Sharing Holiday Leftovers: What’s Safe and What is Not
Food is love, right?
Most of our celebrations involve food, be it meals, snacks, desserts, or special foods. Since our pets are family it’s only natural that we’d like to share our foods with them, too. Unfortunately, though this isn’t always a good idea.
Let’s take a look at what foods are safe for our dogs and then which ones we should not share. Last, we’ll take a look at what we can share with our feline friends. There are fewer foods that are safe for our cats, that our cats will truly like, but there are enough to allow our cats to share in the holiday spirit.
Safe Foods to Share with Dogs
If you are having a beef roast, turkey, or chicken for a holiday meal you can share some of that meat. Choose cooked, less fatty pieces of meat, and cut it into small pieces to mix in with your dog’s normal meal. Or if you wish to feed him some by hand, that’s fine, too, just do so away from the table. (Hand feeding him from the table will lead to begging or food stealing.)
Plain (as in unseasoned), cooked vegetables can also be shared with your dog. Green beans, carrots, broccoli, and other vegetables that are cooked, finely chopped, or grated can be mixed into your dog’s food. Roasted sweet potatoes, unseasoned, chopped or mashed, are appealing to most dogs as the baking brings out this tuber’s sweetness.
Pumpkin is a wonderful food to share with your dog in small amounts. When baking other foods for your meal, place a few pieces of raw pumpkin in a separate pan and roast them until soft. Mix these into your dog’s food or share by hand as a special treat. Raw or roasted apples, again unseasoned, are a welcome treat for many dogs, as are raw or roasted pears.
Your dog can share some plain yogurt, a bit of cheese (especially low fat cheese), some peanut butter (read the label to make sure there is no xylitol) on a cracker or two, or even a small pretzel or two. Just keep an eye on all of these extras as it doesn’t take much to cause an upset tummy even if the food itself is fine. If your dog isn’t used to these extras, make sure they are limited in quantity.
Foods to Avoid Giving Dogs
Although roast beef, turkey, and chicken are fine to share with your dog, be cautious about sharing your ham or other pork products. If your dog isn’t used to pork, it could lead to gastrointestinal upset. The same applies to fish, duck, or other less common meats. If your dog is used to those meats, then go ahead and share it with him, but if he’s not used to them, then don’t tempt fate. You don’t want him to be miserable.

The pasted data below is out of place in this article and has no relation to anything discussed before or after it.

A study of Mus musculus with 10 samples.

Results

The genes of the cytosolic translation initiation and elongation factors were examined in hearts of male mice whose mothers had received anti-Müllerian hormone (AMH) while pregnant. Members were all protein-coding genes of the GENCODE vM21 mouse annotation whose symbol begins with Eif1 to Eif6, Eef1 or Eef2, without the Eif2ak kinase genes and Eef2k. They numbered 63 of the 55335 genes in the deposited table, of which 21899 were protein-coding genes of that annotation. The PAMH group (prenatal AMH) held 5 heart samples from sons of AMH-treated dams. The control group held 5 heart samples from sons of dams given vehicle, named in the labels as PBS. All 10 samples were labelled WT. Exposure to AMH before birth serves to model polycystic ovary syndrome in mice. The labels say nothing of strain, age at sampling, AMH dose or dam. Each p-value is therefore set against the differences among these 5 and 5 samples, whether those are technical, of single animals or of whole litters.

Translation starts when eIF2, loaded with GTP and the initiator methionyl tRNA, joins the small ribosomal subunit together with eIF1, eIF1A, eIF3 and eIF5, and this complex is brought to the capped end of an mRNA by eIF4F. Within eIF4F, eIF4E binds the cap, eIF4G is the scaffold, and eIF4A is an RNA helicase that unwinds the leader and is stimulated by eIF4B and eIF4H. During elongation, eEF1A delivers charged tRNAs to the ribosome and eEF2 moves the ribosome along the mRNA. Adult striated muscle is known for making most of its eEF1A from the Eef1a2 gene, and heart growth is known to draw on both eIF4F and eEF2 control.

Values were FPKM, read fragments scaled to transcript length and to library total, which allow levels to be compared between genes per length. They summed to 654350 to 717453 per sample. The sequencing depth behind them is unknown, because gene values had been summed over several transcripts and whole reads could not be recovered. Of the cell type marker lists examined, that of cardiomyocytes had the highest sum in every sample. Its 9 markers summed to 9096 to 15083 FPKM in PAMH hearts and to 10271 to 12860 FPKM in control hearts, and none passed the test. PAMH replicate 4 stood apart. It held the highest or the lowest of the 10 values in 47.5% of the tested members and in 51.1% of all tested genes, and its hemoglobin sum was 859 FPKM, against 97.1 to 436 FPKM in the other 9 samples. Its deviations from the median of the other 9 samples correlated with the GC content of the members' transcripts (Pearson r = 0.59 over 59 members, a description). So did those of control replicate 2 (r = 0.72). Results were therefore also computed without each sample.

Avoid giving your dog the turkey or chicken skin or the outer crust of the roast beef with seasonings and fat. Seasonings could cause gastrointestinal upset and too much fat can cause pancreatitis; a potentially life-threatening illness. Don’t give your dogs any poultry bones, raw or cooked, as they can shatter when eaten—and no cooked beef bones, either, for the same reason.
Don’t share your green bean casserole or sweet potatoes with marshmallows on top. The seasonings, cream of mushroom soup, marshmallows, and other ingredients aren’t good for your dog. Plus, some marshmallows are now made with xylitol, a sweetener that is toxic (and fatal) to dogs. Gravy is another food to avoid, too, as it usually is high in fat (meat drippings) and seasonings.
As a general rule, don’t share desserts with your dog. He doesn’t need sugar at all nor does he need the extra fats that are in many desserts. Chocolate is never good for dogs—dark, baking, or bitter chocolate can be life-threatening.
Make sure the trash can where kitchen leavings are placed is secure. Many dogs end up in the emergency room over the holidays because they got into the kitchen or outside trash can looking for snacks. The turkey carcass, meat scraps, leftover sweet potato casserole, and scrapings off the plates can all tempt your dog. So be extra cautious about disposing of these foods.
Foods for Feline Friends
Cats are generally more cautious eaters than dogs, so are less apt to get into trouble eating foods they shouldn’t have. However, many a cat has tried to run off with portions of the turkey or roast beef, so it’s a good idea to keep an eye on what your cat eats just as you do for your dog.
Your cat can have some cooked beef, turkey, chicken, or fish cut into tiny pieces. Avoid the seasonings, skins, bones, gravy, and fatty parts. If you are cooking bacon to use in another dish, a well cooked, tiny piece (the size of your pinkie fingernail) is okay.
Not all cats appreciate vegetables but some will eat a few pieces of cooked, finely chopped green beans. Some cats are attracted to baked sweet potato or pumpkin, mashed, with no seasonings. A half a teaspoon of either of these is more than enough. Your cat can also have a few licks of plain yogurt or a couple of shavings of cheese.
Thankfully, most cats aren’t attracted to sweets so these usually aren’t a problem. However, if you have some whipped cream for the pies after dinner, you can share a lick or two of the whipped cream.
With both your cats and dogs, be cautious of straying too far from their normal diet. A taste or two of safe foods is fine but don’t let them overindulge. Too much of even good foods will upset the tummy if your pet isn’t used to those foods. This means, of course, you need to make sure other family members and guests understand this, too.